These were just some of the super superlatives of 2014. The firsts, highest, biggests, and lowests in the world of science. I'm Michael Aranda and this is SciShow News.

SciShow Intro Music

 First Earth-Like Exoplanet (0:32)

In April, the Kepler Space Telescope discovered a planet outside out solar system that so far seems to resemble our home planet more than any other yet found.

The planet was named Kepler 186F and was the first rocky, Earth-sized exoplanet ever discovered.

It's about 1.1 times the size of Earth and only 500 light years away.  Practically next door.

It orbits a red dwarf on the outer edge of its so-called "habitable zone," the ring-shaped region around a star where liquid water could theoretically be present on its surface.  But being in that region doesn't mean that this new world actually is habitable, because both Venus and Mars are in the habitable zone of our Sun and trust me, your do not want to spend your vacation at either of those places. 

Astronomers have learned some important basics about Kepler 186F, like that it orbits its star once every 130 days and it gets about a third as much energy from its star and Earth gets from our Sun. 

But we don't know much about the planet's other important qualities, particularly its atmosphere. So, scientists say that Kepler 186F isn't an "Earth twin," it's more like an "Earth cousin" that's "reminiscent" of our planet. Still, an impressive first. 

 Highest CO2 Emissions

Back here at home though, Earth had kind of a bad year. Industrialized nations pumped more carbon dioxide into the atmosphere this year than ever before. We're talking 40 billion metric tons, a 2.5 percent increase in the CO2 emissions from last year. And guess what, temperatures went up too. 

During the first 10 months of 2014, the average global temperature on land and at sea was 14.78 degrees Celsius. That's almost a full degree higher than the average temperature during the entire 20th century.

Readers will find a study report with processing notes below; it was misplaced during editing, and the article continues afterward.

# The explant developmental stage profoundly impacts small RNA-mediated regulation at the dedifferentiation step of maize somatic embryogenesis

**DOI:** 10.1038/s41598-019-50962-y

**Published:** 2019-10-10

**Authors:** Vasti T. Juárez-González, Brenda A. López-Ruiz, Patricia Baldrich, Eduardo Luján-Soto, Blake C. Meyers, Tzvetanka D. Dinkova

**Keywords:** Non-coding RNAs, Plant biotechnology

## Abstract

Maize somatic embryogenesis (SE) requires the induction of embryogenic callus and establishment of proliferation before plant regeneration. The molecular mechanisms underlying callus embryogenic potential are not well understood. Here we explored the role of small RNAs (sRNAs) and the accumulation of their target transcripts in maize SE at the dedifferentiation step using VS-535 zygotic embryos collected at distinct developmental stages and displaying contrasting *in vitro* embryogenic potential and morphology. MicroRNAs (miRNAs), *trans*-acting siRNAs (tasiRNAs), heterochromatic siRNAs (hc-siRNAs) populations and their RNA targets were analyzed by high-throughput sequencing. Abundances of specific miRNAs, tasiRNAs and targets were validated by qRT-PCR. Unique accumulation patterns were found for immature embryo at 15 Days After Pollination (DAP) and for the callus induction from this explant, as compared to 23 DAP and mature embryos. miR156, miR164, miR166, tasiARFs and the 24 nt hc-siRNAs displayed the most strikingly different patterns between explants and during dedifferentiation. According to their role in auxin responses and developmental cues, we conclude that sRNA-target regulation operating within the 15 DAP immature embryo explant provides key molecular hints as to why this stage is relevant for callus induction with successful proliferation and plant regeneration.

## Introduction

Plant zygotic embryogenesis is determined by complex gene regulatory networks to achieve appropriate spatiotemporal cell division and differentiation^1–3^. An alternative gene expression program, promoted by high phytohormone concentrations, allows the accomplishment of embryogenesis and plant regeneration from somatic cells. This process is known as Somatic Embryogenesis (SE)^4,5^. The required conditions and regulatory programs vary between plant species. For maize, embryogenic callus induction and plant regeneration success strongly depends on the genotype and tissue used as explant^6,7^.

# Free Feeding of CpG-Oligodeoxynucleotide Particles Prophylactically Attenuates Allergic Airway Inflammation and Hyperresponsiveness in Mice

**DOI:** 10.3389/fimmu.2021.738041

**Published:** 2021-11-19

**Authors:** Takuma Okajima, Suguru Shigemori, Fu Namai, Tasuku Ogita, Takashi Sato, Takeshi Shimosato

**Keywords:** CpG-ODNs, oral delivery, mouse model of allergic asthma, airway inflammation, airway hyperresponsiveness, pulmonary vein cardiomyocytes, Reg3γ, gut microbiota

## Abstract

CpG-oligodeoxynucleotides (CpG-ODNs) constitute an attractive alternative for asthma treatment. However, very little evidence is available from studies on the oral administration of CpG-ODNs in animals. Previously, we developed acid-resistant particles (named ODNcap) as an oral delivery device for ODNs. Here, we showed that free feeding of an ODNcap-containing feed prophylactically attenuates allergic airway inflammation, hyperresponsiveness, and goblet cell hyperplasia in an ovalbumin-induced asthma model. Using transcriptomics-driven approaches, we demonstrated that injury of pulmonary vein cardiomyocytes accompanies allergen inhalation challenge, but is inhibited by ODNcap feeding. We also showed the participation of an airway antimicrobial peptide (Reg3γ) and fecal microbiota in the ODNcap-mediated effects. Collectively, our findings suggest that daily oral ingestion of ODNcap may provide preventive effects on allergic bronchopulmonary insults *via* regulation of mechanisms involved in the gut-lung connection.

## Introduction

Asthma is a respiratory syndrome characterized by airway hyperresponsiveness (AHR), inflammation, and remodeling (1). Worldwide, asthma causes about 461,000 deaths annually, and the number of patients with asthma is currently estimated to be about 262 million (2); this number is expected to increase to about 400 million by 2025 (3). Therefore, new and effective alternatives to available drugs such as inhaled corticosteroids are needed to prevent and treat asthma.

Plus, data from satellites, weather buoys, and meteorological stations all over the world found that the months of August, September, and October were the warmest months since records were first kept in 1880.

We're still waiting on the data, but if that continues in November and December, 2014 will be the single warmest year in recorded history.

 Deepest Dive

But if you're looking for a feel-good story of the year maybe this guy could help, a cuvier's beaked whale. Look at him. He looks like a swimming sausage and he's awesome. In March scientists off the coast of California observed a pod of eight cuvier's beaked whales plunging up to 2.9 kilometers beneath the surface of the sea and staying down there for up to 138 minutes. These were the deepest and longest dives ever recorded among mammals. Now the 5 to 7 meter long cuvier's are notoriously hard to study. They stay far away from the shore, and biologists can't get close enough to the to tag them like they do with other whales. So from a distance, scientists had to use air rifles to attach trackers with transmitters that record depth to the whales. They haven't quite figured out how the cuvier's whales can stay so low for so long but most marine mammals have rib cages that can actually fold in and collapse the lungs reducing air pockets and allowing them to make the most of every breath. *Inhales*

The cuvier's dive shattered a record previously held by the southern elephant seal, which lives off the coast of Antarctica and can descend 2.4 kilometers and stay there for 120 minutes. 


There is so much more I'd like to talk about if we had the time. The Rosetta mission and the first rendezvous with a comet, Ebola and it's worst outbreak in history, or the carved seashell found in Indonesia that's the oldest work of art ever found. But for now we have a warming Earth, a deep diving sausage whale, and a planet that might have Anne Hathaway on it? Is it, is it still okay to make Interstellar references? Anyway, happy new year! SciShow News will be taking a break during the first week of January but we'll see you again right after that. 

Thanks to everyone who has watched and subscribed to SciShow this year. If you want a present this episode was brought to you by audible, which is giving away a free audiobook to SciShow viewers. Head on over to where you can download books like Animal Weapons: The Evolution of Battle by Douglas J. Emlen who will actually be talking to you soon on SciShow Talk Show. You can also get like practically any other book for free. So And don't forget to to go and subscribe.